Test Rig for Renesas Synergy Enthusiast


#1

I just got back from Fry’s in Palo Alto after buying some gear to start hacking on my Renesas Synergy SK-S7G2. Although you probably don’t need all this gear, I’m a PC hardware enthusiast and plan to build a Windows 7 beast to run e2 studio. I was previously running my tests on my daughter’s rig Rainbow Unicorn, a 12 core Xeon build.

Some of the gear was in an old parts bin at my office for hacking on PIC microcontrollers and the GPIO pins of the Raspberry Pi. I haven’t hacked on something as professional as the Renesas kit and am excited to dig in.

Although any computer will do, I intend to build a triple-boot machine based on a heavily overclocked Pentium G3258 and may upgrade to a Xeon E3-1231v3. The RM 750x is overkill and too expensive, but I wanted rock solid power supply for overclocking.

I’ll post more pictures when I finish the build. I’m thinking of naming the new build Synergy Cube.

Update: 2016/09/08 evening

Preparing a watercooling system for my Windows 7 machine Synergy Cube that will be used to program the Renesas Synergy SK-S7G2. The Intel CPU has a clock multiplier. As the multiplier is raised, the system becomes unstable. To increase stability, the CPU core voltage is increased beyond spec. This increases CPU temps. To keep things cool, I intend to put a waterblock and radiator on the CPU.

In the future, would love to see if I can overclock the ARM processor on the Synergy board.

The CPU of the Raspberry Pi can be overclocked and many people are adding watercooling to the Raspberry Pi. For example, check out this video.

If you mod your Synergy board, would love to see a pict!


#2

Assembled Synergy Cube with new Corsair RMx 750w power supply and new SSD for Windows 7.

Also installed new interior LED lighting in a cool blue color.

If you haven’t used Corsair RMx power supplies, the packaging and entire experience of using these enthusiast power supplies is top notch. It’s like unboxing a watch. The cables and unit have nice cases.

Mounting in my Thermaltake Core v1 case was straightforward. For an mini-ITX case, the TT Core v1 has lots of room.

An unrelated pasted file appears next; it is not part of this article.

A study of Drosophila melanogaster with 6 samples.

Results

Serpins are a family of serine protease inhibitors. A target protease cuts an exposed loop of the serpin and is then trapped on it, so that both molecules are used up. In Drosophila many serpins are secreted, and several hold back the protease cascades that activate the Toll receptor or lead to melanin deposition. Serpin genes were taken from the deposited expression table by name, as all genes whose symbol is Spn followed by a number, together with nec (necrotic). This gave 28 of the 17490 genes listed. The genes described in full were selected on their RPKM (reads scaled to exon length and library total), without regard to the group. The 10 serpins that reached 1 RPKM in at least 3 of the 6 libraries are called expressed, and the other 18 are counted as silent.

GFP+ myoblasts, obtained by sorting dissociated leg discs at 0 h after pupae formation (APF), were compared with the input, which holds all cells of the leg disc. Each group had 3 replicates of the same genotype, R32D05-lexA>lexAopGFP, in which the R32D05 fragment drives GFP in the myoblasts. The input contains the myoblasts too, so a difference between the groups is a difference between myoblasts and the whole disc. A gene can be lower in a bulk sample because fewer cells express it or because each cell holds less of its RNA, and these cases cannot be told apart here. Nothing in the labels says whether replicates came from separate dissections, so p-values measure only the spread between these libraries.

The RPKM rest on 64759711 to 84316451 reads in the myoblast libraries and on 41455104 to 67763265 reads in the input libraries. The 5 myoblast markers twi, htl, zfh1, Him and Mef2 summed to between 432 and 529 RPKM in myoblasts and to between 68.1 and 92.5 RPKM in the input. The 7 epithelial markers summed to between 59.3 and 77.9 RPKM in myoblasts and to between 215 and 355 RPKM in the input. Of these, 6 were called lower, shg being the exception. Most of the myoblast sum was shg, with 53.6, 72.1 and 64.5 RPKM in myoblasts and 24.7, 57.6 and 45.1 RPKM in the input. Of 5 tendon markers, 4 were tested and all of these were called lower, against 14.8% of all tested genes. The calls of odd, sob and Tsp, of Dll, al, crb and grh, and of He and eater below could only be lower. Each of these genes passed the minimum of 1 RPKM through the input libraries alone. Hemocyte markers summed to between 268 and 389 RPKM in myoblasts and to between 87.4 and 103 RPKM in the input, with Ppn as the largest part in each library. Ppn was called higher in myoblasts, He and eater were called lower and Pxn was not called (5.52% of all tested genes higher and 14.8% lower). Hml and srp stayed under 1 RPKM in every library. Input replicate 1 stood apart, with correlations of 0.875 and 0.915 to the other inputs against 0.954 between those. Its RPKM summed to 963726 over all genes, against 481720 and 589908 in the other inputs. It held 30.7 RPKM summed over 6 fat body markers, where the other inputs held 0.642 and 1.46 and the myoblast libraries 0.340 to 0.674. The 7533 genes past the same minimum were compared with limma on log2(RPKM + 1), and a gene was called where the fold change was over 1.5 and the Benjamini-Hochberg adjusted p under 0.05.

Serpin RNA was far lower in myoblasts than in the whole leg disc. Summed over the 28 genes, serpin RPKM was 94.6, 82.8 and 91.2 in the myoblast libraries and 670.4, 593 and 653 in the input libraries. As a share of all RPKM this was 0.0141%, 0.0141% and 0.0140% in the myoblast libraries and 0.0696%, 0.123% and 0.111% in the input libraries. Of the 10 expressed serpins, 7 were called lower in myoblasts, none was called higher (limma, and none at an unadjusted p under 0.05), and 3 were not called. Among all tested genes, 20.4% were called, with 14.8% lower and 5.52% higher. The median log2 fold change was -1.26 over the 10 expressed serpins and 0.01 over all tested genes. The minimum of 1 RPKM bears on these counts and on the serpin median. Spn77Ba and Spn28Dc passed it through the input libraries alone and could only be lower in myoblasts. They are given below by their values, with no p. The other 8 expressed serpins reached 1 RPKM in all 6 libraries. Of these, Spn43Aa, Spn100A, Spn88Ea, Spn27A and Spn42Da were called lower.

I’m updating this blog post on Linux right now. I’ve set a mild overclock from 3.2GHz to 4.1GHz. The clock will cycle down when the system is not under load. In graphic below, I have the system under 100% load using the Linux CPU stress tester.

At this minor level of overclock, I am using stock CPU core voltage and air cooling.

The next step is to install Windows 7 then run through some tests with e2 studio and gdb


#3

Installed Windows 7. Tried an overclock of 4.2Ghz and had to bring the clock multiplier back down to 41 (4.1Ghz). Using Prime95 for memory and CPU stress test. Will need to increase Core Voltage to get any higher. Temperatures are too high and I’ll need to go to watercooling to get any higher.

I’m going to leave it at 4.1Ghz for now and move on to e2 studio testing.


#4

Everything works fine on Windows 7. The Debug was was launched automatically and Blinky was loaded. It’s up and running.

If you’re having problems with Windows 10 Anniversary Edition, consider giving Windows 7 a try.

After I got e2 Synergy working properly with debug, I decided to increase the core voltage of my workstation CPU and got an additional 100Mhz bump in speed, now running at 4.2GHz.

I decided not to install the watercooler and ordered a Cooler Master TX3 air cooler due to aesthetics. With the blue LED lighting, the watercooler isn’t as dramatic. I ordered this unit below from Amazon for $18.80.

Again, no reason to overclock the CPU other than a challenge.